Pulmonary Hypertension (PH)


Understanding Pulmonary Hypertension

Pulmonary hypertension, or PH, is a simplified name for a complex health problem: high blood pressure in the lungs. The name comes from pulmonary, or having to do with the lungs, and hypertension, which means high blood pressure. It is a disease that affects people of all ages and ethnic backgrounds.

One thing that most types of PH have in common is that they are often not recognized until they are quite advanced. As a result, many people may have PH without knowing it, so higher awareness and earlier diagnosis can help people get earlier treatment. There are several different kinds of PH, and below we will describe them, and explain how they are different.

Understanding the different types of PH

PH starts when the small vessels that supply blood to the lungs constrict, or tighten up. It is more difficult for blood to get through to the lungs, and the heart must pump harder to overcome the resistance. As time passes, scarring (or fibrosis) of the vessels makes them stiffer and thicker, and some may be completely blocked. The extra stress causes the heart to enlarge and become less flexible. Less and less blood is able to flow out of the heart, through the lungs, and into the body, and more and more symptoms start to show.

In 1988, the World Health Organization (WHO) sponsored a meeting of PH specialists with the goal of creating a standardized system for defining different kinds of PH. The committee proposed that the disease be divided into the following five categories of pulmonary hypertension:

   1. Pulmonary arterial hypertension (PAH)

  • The pulmonary artery is the large vessel that carries blood from the heart into the lungs so it can pick up oxygen. Most cases of PH affect this artery and the hundreds of tiny blood vessels that branch off from it. This category includes two types of PH:
  • Primary pulmonary hypertension (PPH) can occur at random, without any apparent cause. Other times, the disease can be inherited; it is estimated that at least 10 percent of PPH cases occur in families where at least one other person has had it.
  • PAH related to other causes appears to be similar to PPH, but is actually associated with exposure to toxins or the effects of other diseases. These can include:
    • Collagen vascular disease (scleroderma, lupus, rheumatoid arthritis)
    • Congenital heart disease
    • Chronic liver disease
    • Human immunodeficiency virus (HIV)
    • Use of diet drugs such as Fenfluramine or Dexfenfluramine
    • Use of cocaine, methamphetamine, or other street drugs
    • Persistent pulmonary hypertension of the newborn

  2. Pulmonary hypertension associated with disorders of the respiratory system

  • Emphysema
  • Interstitial lung disease
  • Sleep apnea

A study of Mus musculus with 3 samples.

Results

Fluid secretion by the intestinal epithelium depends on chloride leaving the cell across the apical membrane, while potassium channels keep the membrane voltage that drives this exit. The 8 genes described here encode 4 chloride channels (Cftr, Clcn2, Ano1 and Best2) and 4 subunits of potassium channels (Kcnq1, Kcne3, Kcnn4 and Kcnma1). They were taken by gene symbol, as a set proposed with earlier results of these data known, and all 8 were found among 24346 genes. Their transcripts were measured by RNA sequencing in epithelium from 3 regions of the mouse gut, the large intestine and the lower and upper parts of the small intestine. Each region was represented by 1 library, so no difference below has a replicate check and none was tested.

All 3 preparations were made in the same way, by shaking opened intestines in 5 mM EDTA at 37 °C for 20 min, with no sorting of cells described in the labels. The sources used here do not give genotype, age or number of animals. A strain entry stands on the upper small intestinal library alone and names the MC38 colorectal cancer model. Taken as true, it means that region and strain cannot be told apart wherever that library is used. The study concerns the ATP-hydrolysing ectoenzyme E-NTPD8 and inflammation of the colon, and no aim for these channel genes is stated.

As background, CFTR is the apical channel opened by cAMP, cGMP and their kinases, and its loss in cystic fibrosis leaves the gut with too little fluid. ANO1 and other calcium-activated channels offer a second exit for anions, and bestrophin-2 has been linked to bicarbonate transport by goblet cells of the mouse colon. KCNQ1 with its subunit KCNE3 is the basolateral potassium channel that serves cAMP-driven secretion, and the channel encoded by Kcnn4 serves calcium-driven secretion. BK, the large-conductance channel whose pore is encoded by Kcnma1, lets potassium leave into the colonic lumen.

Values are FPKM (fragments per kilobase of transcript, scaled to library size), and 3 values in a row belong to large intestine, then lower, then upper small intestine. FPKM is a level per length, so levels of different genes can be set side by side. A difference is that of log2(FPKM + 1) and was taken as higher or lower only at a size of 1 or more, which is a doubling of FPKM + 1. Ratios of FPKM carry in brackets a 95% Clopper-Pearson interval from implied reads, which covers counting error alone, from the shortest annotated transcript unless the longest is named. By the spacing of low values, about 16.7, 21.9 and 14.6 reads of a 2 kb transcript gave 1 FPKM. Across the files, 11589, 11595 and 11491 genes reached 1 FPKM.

• Chronic exposure to high altitude

  3. Pulmonary hypertension due to chronic thrombotic or embolic disease

  • Blood clots in pulmonary arteries
  • Pulmonary embolism (caused by clot, tumor, or foreign matter in the lungs)
  • Sickle cell disease

  4. Pulmonary hypertension due to disorders directly affecting the pulmonary blood vessels

  • Inflammatory diseases such as Schistosomiasis or Sarcoidosis
  • Pulmonary capillary disease

  5. Pulmonary venous hypertension (PVH)

  • Is caused by disease of the left side of the heart, such as mitral valve disease or a poorly performing left ventricle. This can cause increased pulmonary artery pressures, but rarely leads to severe PAH.
Confirming a diagnosis

PH is often not diagnosed in a timely manner because its early symptoms can be confused with those of many other conditions. Some of the symptoms of PH include:

  • Breathlessness or shortness of breath
  • Feeling tired all the time
  • Dizziness, especially when climbing stairs or upon standing up
  • Fainting - often the symptom that brings people to their doctors
  • Swollen ankles and legs
  • Chest pain, especially during physical activity

To establish a diagnosis of PH, a series of tests are performed that show how well a person's heart and lungs are working. These tests may include

Echocardiogram

  • Echocardiogram
  • Electrocardiogram (ECG)
  • Right heart catheterization
  • Six-minute walk test
  • Assessment of function in tasks of daily living

If these tests show that a person definitely has PH, other kinds of diagnosis tests may be ordered to aid in identifying the cause, including:

  • A computed tomography (CT or CAT) scan to rule out a pulmonary embolism or lung disease
  • A pulmonary function test to rule out obstructive lung disease
  • A formal sleep study to rule out sleep apnea
  • Laboratory tests to rule out hepatitis, collagen disease, HIV, or other conditions
  • When no cause can be found, the diagnosis is primary pulmonary hypertension (PPH)
Associated Diseases

Many Pulmonary Hypertension patients are diagnosed with PH in association with one or more related conditions.  Research shows that up to 30% of Schleroderma patients, 20-40% of sickle cell patients and one out of every 200 HIV patients develop at least mild PH.

Other conditions commonly associated with PH included mixed connective tissue disease, congenital heart disease (CHD) chronic obstructive pulmonary disease (COPD), hereditary hemorrhagic telangiectasia (HHT), sleep apnea, liver disease and lupus.  PH has also been linked to the use of certain drugs and toxins, including Fenfluramine, Dexfenfluramine and methamphetamines.